NBA-DRAFT.COM top 65 College Teams (#60 - 56)
As we continue our countdown of the top 65 teams in Divison I basketball this upcoming season, we come across five very different teams: one from a BCS conference that is coming off an NCAA play-in game, one Ivy League team that hasn't been in the tournament in over 60 years, one that was a top defensive team in 2010-11 and another that was one of the most prolific offenses last year.

The countdown continues at No. 60
#60. Southern California

Kevin O'Neill went just 19-15 last season due to the major contributions of big men Nikola Vucevic (17.1 points, 10.3 rebounds, 1.4 blocks) and Alex Stepheson (9.8 points, 9.2 rebounds, 1.1 blocks) in the low post and on the boards and paint on defense. With both of these starters gone, where will the Trojans turn?

No one player will be able to replace the impact of Vucevic and Stepheson, but the key to this year's team will be the backcourt. Former-Fordham point guard Jio Fontan will play his first full-season for USC and expect big minutes and production from this little guard. His 25.8 assist rate was one of the leaders in the Pac-10 last year, but he has the ability to score the basketball as well as any other guard in this expanded conference. Maurice Jones, another undersized guard will partner with Fontan in the backcourt, while Iowa-transfer Aaron Fuller will start at forward, where he was a stellar rebounder despite being just 6'6".

In the frontcourt, look for JC transfer Dewayne Dedmon, a 7-foot, 255-pound redshirt sophomore to garner the minutes left behind. He is an aggressive, and agile big man with upside given his size and defensive prowess.
#59. Harvard

All five starters return from a team that went 23-7 last season and was a last-second shot away from returning to the NCAA tournament for the first time since 1946. Leading the way for Tommy Amaker's team is 6'8" senior forward, who was among the nation's best unheralded players- topping the team in points (14.8), rebounds (8.3) and blocks per game (1.5) a year ago.

Wright should again provide the inside scoring and leadership, while two other forwards- Christian Webster and Lauren Rivard are still developing as players and could be counted for a heavier load with their ability to knock down shots from the perimeter. But the team's best threat from beyond the arc, giving them three must-know-where-they-are-at-all-times players, would be senior guard Oliver McNally who posted a 3-point percentage of 44.2. His offensive rating was amongst the nation's best (18th), while his true shooting percentage was even more impressive at 69 percent mark, good for third in the country!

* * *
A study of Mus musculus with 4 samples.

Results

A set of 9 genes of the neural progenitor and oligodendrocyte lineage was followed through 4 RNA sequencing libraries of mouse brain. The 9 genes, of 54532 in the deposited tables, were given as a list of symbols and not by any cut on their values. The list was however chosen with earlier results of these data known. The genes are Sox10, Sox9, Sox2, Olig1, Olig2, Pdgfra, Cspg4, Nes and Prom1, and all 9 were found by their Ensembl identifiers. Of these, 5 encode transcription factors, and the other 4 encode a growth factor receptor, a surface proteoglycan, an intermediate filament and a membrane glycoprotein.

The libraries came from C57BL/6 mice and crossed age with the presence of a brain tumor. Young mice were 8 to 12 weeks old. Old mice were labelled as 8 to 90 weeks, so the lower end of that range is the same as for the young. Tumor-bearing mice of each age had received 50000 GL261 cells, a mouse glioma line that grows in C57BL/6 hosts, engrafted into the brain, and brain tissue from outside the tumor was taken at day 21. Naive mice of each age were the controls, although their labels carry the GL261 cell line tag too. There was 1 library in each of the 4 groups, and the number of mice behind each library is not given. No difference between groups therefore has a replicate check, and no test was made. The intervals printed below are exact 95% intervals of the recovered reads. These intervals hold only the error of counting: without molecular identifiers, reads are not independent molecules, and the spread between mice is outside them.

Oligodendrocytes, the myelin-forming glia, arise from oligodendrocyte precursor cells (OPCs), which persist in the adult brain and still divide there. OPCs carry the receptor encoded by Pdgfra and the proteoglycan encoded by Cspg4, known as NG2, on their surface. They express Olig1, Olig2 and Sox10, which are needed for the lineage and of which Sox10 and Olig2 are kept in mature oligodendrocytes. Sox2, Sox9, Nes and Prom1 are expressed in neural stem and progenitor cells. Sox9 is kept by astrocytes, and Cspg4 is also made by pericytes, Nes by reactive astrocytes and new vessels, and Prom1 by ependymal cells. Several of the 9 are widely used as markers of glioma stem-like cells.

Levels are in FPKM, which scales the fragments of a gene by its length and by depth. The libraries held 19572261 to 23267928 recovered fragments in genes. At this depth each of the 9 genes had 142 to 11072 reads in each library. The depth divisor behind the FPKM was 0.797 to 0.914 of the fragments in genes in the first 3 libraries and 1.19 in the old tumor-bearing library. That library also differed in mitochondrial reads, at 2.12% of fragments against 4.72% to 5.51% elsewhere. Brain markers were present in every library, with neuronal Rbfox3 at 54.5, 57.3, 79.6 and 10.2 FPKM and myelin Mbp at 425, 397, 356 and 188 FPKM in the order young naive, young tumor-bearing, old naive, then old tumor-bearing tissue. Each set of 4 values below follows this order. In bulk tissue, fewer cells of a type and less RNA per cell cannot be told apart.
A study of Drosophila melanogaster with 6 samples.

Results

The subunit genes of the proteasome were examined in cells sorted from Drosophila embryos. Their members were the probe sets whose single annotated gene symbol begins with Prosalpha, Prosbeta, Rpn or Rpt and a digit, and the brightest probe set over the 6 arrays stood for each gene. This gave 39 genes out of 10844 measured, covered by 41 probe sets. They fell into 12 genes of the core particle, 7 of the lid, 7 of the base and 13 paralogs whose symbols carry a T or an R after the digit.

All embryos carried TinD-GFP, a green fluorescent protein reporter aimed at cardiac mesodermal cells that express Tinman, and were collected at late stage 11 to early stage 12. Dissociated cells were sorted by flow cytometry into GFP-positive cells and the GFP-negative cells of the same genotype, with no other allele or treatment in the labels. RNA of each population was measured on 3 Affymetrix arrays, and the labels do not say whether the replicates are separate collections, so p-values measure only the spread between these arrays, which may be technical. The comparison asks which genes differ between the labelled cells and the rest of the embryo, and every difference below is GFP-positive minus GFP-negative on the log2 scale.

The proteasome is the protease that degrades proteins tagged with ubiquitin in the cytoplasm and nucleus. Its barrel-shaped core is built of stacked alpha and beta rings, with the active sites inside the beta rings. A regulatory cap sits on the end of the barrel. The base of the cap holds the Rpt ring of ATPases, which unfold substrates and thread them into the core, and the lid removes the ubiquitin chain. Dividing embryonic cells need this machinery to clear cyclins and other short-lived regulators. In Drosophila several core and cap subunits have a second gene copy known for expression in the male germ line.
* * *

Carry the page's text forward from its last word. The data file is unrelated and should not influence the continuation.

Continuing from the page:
Collaborating the attack is junior floor general Brandyn Curry. Curry is a decent shooter from the mid-range and even further back, but his main role is to open the floor as a distributor. His 35.2 assist rate last season was tied for 25th in the country and second in the Ivy League.

A six-man recruiting class in 2011, including two three-star recruits, is led by big man Kenyatta Smith, one of the top 20 centers in the class. This 2011-12 team will set the tone for Harvard moving forward as the program to beat in the Ivy.
#58. Detroit

This may surprise some as we are projecting an end to Butler's reign atop the Horizon- the Bulldogs have won a share of five consecutive league titles, but this year, it's Detroit, but not by much. Ray McCallum and the Titans return all five starters, including point guard Ray McCallum Jr. and Eli Holman, two of the best in the league. McCallum struggled a bit as a freshman, but came on mid-way through the year to finish as the leading scorer (13.5 points), and tops in assists (4.9) and steals (1.6). His ability to control tempo on both ends of the floor is crucial as he sets up one of Detroit's other four double-digit scorers.

Power forward/center Eli Holman ranked near the top the effective field-goal percentage and both offensive and defensive rebounding categories, garnering McCallum & Co. second chance opportunities on offense and ending opponents' sets on the defensive end.
#57. Drexel

In six of Bruiser Flint's last seven seasons at Drexel, the Dragons have been one of the top defensive teams in the nation in stopping his opponents from scoring the basketball. His offenses have been unflattering, but his hard-nose hustle and defense keeps his team in the game and commonly on the winning side of things. Last year was no different- the offense was sub-par, ranking 234th in the country, while the defense ranked 20th in adjusted efficiency, including holding opponents to the seventh worst field-goal percentage and ranking at the top of all Division I teams rebounding the ball on the defensive glass.

Given that Flint returns six rotational players, including his best rebounders in senior wing Samme Givens, junior center Daryl McCoy and sophomore forward Dartaye Ruffin. Additionally, leading scorer and the Dragon's best perimeter threat Chris Fouch is only a junior- he took more than a third of the shots last season when he was on the floor and he will remain the most valuable offensive option as Drexel looks to make the NCAA Tournament for the first time since 1996.
#56. BYU

Life will not be the same for Dave Rose without score-from-anywhere guard Jimmer Fredette, but that doesn't mean that the Cougars will struggle as many think. BYU will now be fighting Gonzaga, St. Mary's and Santa Clara atop the West Coast Conference standings. Granted, we have them about 55 spots down from where they peaked last year, but BYU does have Brandon Davies, Noah Hartstock and Charles Abouo return as well as big-time freshman point guard DeMarcus Harrison.

Jimmer's play opened up the floor for everyone else, but also stole the spotlight from scorers like Abouo and Hartstock; Davies made his own headlines. A WCC title is not likely with the amount of talent returning to Gonzaga, but BYU will be in the running for second.